The Spectator

Portrait of the week | 27 July 2017

Also in Portrait of the Week: Donald Trump looks forward to trade deal with Brexit Britain; HS2 route to Leeds announced

Portrait of the week | 27 July 2017

The number of crimes recorded by the police rose by 10 per cent in the year up to March 2017, with a rise in violent crime of 18 per cent and in robbery of 16 per cent; but the Crime Survey of England and Wales, based on people’s experiences of crime, showed a 7 per cent fall. In the past five years, 2,529 products shrank in size while being sold for the same price, the Office for National Statistics said; 614 products grew larger. People leaving London outnumbered those moving in from elsewhere in Britain by 93,000 in the year to June 2016, but its population continued to grow through births and arrivals from abroad. A fox killed eight Humboldt penguins at Chessington World of Adventures in Surrey.

Law company Mishcon de Reya, which acted for Gina Miller in her challenge to the government over Article 50, said it was ‘in discussions with Keir Starmer about reappointing him as an adviser’; Sir Keir, shadow Brexit Secretary since last year, decided against the appointment. Sir Vince Cable was confirmed as leader of the Liberal Democrats after no one else applied for the job. The parents of an 11-month-old baby, Charlie Gard, told the High Court that they had abandoned their legal attempt to have him sent to America for experimental treatment, having been told that it was too late. Boots agreed to look at reducing the price of the morning-after pill in its shops after saying it was ‘truly sorry’ for having said it ‘would not want to be accused of incentivising inappropriate use’ by cutting the price. The government scrapped electrification of the Great Western Railway line between Cardiff and Swansea. The Office for National Statistics estimated that the UK economy expanded by 0.3 per cent in the second quarter of 2017.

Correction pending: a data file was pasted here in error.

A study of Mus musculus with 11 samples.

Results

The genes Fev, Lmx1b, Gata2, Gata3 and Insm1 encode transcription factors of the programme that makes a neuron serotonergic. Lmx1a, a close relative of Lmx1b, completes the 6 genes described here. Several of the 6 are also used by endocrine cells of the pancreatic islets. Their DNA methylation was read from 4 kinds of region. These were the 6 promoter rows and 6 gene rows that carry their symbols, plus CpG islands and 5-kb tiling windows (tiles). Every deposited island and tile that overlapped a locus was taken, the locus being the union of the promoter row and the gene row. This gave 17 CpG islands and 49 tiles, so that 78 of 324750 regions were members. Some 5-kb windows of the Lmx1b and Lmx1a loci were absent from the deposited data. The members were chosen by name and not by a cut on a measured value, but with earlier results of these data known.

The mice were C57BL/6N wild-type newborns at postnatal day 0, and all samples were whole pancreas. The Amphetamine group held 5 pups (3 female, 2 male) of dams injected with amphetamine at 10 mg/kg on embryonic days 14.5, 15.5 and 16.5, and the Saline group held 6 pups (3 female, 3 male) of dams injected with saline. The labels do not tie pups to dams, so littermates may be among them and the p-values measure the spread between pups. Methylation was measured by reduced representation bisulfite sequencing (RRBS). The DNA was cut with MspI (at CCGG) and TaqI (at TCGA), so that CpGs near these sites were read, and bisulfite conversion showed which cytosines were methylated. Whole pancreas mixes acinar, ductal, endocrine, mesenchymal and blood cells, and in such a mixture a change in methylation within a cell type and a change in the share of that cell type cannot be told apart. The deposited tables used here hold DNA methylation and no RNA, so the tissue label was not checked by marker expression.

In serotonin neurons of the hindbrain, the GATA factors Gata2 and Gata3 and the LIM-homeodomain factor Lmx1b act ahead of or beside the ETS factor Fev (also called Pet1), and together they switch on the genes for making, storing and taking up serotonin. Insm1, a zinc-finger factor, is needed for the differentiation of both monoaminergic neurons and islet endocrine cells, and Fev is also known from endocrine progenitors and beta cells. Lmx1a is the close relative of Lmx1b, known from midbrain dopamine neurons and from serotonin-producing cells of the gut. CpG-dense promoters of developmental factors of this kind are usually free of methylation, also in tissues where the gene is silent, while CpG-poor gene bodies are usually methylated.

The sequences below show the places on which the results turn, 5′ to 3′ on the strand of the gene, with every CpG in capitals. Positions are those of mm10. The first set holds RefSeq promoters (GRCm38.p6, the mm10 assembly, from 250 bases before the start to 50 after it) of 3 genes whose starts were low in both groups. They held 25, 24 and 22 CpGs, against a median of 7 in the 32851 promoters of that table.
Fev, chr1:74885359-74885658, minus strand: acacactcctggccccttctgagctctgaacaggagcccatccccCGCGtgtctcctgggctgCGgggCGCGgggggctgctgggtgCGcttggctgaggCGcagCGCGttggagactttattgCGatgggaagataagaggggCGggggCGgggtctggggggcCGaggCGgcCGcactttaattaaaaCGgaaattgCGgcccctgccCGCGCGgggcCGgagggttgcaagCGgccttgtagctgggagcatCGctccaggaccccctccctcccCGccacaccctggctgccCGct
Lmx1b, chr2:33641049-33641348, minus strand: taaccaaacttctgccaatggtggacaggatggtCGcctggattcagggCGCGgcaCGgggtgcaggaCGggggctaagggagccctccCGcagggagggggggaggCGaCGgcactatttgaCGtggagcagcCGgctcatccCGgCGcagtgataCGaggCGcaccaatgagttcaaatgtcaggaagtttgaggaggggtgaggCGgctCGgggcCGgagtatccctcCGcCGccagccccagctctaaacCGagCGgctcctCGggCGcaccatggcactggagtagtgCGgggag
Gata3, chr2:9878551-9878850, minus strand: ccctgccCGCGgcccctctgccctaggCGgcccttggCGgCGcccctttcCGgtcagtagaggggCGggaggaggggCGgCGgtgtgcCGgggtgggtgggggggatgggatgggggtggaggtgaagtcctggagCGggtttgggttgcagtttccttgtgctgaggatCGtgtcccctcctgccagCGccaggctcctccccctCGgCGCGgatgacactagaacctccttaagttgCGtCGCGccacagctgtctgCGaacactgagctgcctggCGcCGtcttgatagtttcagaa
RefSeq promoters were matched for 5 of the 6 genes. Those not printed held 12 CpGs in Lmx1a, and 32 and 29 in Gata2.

Sean Spicer resigned as White House press secretary after six months. President Donald Trump said that he was working on a ‘major trade deal’ with Britain. Liam Fox, Britain’s International Trade Secretary, was in Washington discussing with officials the potential for a UK-US trade deal after Brexit. Michael Kors, the American fashion company, bought the British shoemaker Jimmy Choo for £896 million. In south-eastern France, 10,000 people were evacuated as wild fires spread. The Vatican turned off its 100 fountains amid a drought. Researchers at Brown University, Rhode Island, found that large basalt deposits on the Moon contain 0.05 per cent water by weight.

At talks in Paris, the two main regimes in Libya agreed to a conditional ceasefire; Fayez al-Sarraj, the prime minister recognised by the UN, is based in Tripoli, and the anti-Islamist General Khalifa Haftar is based in Tobruk. Israel removed metal-detector gates from the entrance to the Temple Mount in East Jerusalem, installed after the murder of two Israeli police by Israeli Arabs. Only 60,000 of an estimated 400,000 Ethiopians working without documents in Saudi Arabia returned home before a deadline set by the Saudis. President Muhammadu Buhari of Nigeria said he was making ‘good progress’ after 11 weeks of treatment in London for an unspecified illness.

President Andrzej Duda of Poland surprised everyone by vetoing a law that allowed the justice minister to decide which supreme court judges should remain in office. Residents of Séméac in south-western France built a 20-yard wall across the entrance to a former hotel to prevent its use as a hostel for 85 migrants. The USS Thunderbolt fired warning shots at an approaching Iranian Revolutionary Guard vessel in the Gulf. A cinema opened on Woody Island in the disputed Paracels, which China has been settling.